Secretary of State Condoleezza Rice and her team — led by Assistant Secretary of State Christopher Hill — deserve credit for scoring a major victory in negotiations with North Korea last week. Trading one million tons of heavy fuel oil for North Korea’s plutonium production program, which Pyongyang likely used to produce the fissile core for the atomic weapon it tested late last year, is akin to swapping a journeyman fullback for a star quarterback.
After all, the U.S. and its partners in the negotiations — China, Russia, Japan and South Korea — can get their hands on one million tons of fuel oil any time they need. Gaining international control over North Korea’s budding nuclear weapons program is an altogether different opportunity.
Still, the deal cut in Beijing last week is only a first step towards a grand bargain with North Korea. Whether that grand bargain is achieved over the next few years will depend on North Korea’s sincerity about nuclear disarmament, which is by no means certain. But ultimate success will also require that national security pragmatists within the Bush Administration prevail over the conservative ideologues who blocked or sabotaged negotiations with Pyongyang for six fruitless years.
Former and even current administration officials wasted no time attacking the deal with North Korea, including former UN Ambassador John Bolton, who thoroughly trashed the very idea of negotiations, and deputy national security advisor Elliott Abrams, who objected to a provision of the plan that would remove North Korea from the list of states sponsoring terrorism. These attacks highlight policy divisions that continue to dog the Bush administration and its conservative supporters across Washington.
For more than six years, the Bush administration has been divided between ideologues who think the best way to deal with nuclear weapons proliferation is to overthrow regimes or squeeze them into collapse, and pragmatists who think this approach backfires. The ideologues view negotiations as a reward for bad behavior that will encourage further proliferation. Vice President Cheney and his inner circle, civilian leaders at the Pentagon, and Undersecretary of State Robert Joseph hew to this line.
This faction won most of the internal debates in President Bush’s first term, as the United States either rejected negotiations outright or imposed unrealistic conditions on U.S. participation. In the case of North Korea, the United States had insisted that North Korea freeze its plutonium program before receiving any incentives.
That strategy clearly failed. Proliferation problems worsened almost across the board. North Korea withdrew from the Non-Proliferation Treaty and tested a nuclear bomb; Iran continues to build uranium enrichment centrifuges; and global confidence in the nuclear nonproliferation regime is waning.
The ideologues’ strategy of confrontation failed because it strengthened the determination of North Korea (and Iran) to acquire nuclear weapons in order to deter military action by the United States without offering countervailing incentives and disincentives.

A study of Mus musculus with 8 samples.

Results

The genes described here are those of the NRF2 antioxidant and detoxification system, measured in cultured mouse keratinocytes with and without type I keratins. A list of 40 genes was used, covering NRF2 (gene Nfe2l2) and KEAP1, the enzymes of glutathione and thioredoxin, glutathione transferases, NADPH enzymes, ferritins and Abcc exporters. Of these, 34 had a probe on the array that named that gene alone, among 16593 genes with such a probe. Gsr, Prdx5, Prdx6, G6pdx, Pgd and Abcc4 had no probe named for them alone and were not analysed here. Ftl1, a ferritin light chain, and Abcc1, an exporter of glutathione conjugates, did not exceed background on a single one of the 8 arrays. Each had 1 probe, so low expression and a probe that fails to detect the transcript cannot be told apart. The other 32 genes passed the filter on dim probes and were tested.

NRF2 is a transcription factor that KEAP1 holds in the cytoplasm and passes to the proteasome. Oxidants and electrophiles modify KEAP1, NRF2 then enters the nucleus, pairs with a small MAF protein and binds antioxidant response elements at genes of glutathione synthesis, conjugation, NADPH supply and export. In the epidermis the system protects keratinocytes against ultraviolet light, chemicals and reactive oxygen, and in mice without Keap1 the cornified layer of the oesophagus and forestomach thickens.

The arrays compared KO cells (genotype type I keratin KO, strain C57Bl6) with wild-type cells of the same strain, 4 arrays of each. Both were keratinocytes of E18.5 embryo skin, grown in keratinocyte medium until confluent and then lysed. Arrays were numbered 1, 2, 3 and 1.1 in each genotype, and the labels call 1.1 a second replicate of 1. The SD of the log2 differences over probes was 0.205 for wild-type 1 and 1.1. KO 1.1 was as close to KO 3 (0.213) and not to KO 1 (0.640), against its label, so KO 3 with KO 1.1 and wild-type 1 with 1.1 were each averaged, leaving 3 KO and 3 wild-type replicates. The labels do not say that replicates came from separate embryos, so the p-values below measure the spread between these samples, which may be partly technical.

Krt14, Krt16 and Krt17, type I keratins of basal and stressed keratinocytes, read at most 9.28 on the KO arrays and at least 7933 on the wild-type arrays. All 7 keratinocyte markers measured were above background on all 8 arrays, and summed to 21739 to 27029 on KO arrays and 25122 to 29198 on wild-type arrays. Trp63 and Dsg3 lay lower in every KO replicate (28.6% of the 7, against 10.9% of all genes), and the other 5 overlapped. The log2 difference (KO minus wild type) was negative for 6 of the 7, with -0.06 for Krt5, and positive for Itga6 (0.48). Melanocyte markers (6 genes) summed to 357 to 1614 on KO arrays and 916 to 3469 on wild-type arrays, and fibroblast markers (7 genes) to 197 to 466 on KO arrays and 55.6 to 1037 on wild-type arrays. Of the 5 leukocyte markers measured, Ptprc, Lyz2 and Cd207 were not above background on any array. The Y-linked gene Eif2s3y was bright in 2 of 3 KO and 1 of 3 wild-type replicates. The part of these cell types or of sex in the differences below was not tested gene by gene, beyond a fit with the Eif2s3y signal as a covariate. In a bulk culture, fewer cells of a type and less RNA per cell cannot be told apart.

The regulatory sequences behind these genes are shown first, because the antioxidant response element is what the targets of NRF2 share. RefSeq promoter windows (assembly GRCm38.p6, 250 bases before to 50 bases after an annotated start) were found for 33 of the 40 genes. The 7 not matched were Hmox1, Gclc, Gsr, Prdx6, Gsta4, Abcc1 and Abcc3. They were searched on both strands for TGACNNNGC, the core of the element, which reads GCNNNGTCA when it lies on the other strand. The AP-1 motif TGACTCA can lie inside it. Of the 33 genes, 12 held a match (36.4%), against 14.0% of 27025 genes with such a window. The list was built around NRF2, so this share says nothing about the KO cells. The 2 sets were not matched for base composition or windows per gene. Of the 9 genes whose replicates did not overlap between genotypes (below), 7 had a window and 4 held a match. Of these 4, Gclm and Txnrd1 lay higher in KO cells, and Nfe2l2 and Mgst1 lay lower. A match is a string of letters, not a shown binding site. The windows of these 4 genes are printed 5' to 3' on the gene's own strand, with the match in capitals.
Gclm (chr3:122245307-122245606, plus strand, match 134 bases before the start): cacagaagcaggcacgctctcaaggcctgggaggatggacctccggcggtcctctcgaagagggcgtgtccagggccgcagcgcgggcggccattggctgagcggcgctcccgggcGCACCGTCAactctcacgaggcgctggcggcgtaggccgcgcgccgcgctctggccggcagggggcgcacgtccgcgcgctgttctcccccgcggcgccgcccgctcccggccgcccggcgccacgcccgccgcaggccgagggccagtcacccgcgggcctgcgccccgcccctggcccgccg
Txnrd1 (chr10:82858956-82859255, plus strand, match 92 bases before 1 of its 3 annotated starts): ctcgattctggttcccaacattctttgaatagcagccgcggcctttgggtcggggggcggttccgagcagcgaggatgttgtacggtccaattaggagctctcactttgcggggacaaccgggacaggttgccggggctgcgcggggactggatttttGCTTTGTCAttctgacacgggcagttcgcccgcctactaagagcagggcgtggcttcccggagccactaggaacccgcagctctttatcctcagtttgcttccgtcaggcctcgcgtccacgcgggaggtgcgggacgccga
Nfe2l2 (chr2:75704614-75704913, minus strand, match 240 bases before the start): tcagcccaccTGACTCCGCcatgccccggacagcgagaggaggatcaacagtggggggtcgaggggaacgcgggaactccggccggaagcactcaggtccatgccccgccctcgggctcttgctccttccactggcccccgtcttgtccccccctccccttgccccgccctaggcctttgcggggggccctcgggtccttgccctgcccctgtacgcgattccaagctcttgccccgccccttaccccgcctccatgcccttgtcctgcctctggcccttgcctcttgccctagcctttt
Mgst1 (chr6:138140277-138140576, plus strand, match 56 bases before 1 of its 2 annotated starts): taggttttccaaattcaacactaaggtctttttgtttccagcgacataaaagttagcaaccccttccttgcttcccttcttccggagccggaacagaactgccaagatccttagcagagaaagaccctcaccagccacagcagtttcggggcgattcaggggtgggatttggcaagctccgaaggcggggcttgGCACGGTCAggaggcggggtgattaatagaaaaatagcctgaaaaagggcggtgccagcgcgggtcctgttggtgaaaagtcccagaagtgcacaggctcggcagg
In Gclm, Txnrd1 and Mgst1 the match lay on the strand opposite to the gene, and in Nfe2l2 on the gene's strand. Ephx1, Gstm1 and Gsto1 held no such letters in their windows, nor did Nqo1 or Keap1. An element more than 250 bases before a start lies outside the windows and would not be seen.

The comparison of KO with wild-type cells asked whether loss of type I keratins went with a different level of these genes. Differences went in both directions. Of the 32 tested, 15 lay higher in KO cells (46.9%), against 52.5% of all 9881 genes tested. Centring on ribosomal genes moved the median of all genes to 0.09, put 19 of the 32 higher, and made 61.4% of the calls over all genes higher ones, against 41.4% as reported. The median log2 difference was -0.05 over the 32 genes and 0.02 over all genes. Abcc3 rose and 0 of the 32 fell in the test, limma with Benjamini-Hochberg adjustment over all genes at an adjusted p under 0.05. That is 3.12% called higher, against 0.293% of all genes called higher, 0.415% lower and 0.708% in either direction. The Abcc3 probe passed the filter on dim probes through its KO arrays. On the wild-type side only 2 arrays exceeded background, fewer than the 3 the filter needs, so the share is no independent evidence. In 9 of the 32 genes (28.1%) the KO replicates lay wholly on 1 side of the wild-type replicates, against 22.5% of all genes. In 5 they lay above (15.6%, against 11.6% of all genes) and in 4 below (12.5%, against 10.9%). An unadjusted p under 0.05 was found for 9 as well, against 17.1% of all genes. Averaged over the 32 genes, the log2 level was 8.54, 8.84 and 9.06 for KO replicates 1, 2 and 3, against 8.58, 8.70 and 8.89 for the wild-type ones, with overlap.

The credibility of a U.S. threat to overthrow offending regimes, however, dissipated as the insurgency in Iraq began to metastasize. And while the United States can squeeze regimes, it cannot suffocate them without the help of partners, such as China. China, however, rejects the regime change strategy and opposes measures that could end the Kim dynasty in North Korea.
In contrast, pragmatists in the Bush administration view negotiation more practically. As former Secretary of State Colin Powell put it, “You can’t negotiate when you tell the other side, ‘Give us what a negotiation would produce before the negotiations start’.” This means offering a country both incentives and disincentives for renouncing nuclear arms.
He is right. Countries must be backed into a corner, but they must also be offered an attractive way out. That’s what happened with Libya, the Bush administration’s lone success at convincing a country to renounce nuclear weapons. Years of sanctions and isolation had backed the Gaddafi regime into a corner, and the United States and its allies offered it an attractive way out — a grand bargain whereby Libya verifiably renounces nuclear weapons and terrorism in exchange for normalized relations with the United States and Europe.
Last week’s deal with North Korea — which if implemented, will look very much like the deal struck with Libya — appears to put Secretary Rice in this latter, pragmatic camp. But will her faction prevail in the end? According to press accounts, Secretary Rice circumvented the normal interagency policy process to get the deal, knowing that hardliners led by Vice President Cheney and his inner circle would oppose it.
President Bush supports the deal for now, but contentious negotiations with Pyongyang over the core issue — the dismantlement of North Korea’s entire weapons program — lie ahead. We can expect North Korea to drag its feet while raising its demands. Over time, this misbehavior might stoke well-founded doubts that it will ever come clean on its nuclear program. The inevitable bumps along the way will likely present skeptics with ample opportunities to press their case that negotiation is futile.
They may be right. But pragmatism means that we should at least try, knowing that the alternative to negotiation is an ever-growing North Korean stockpile of plutonium for bombs or sale on the nuclear black market.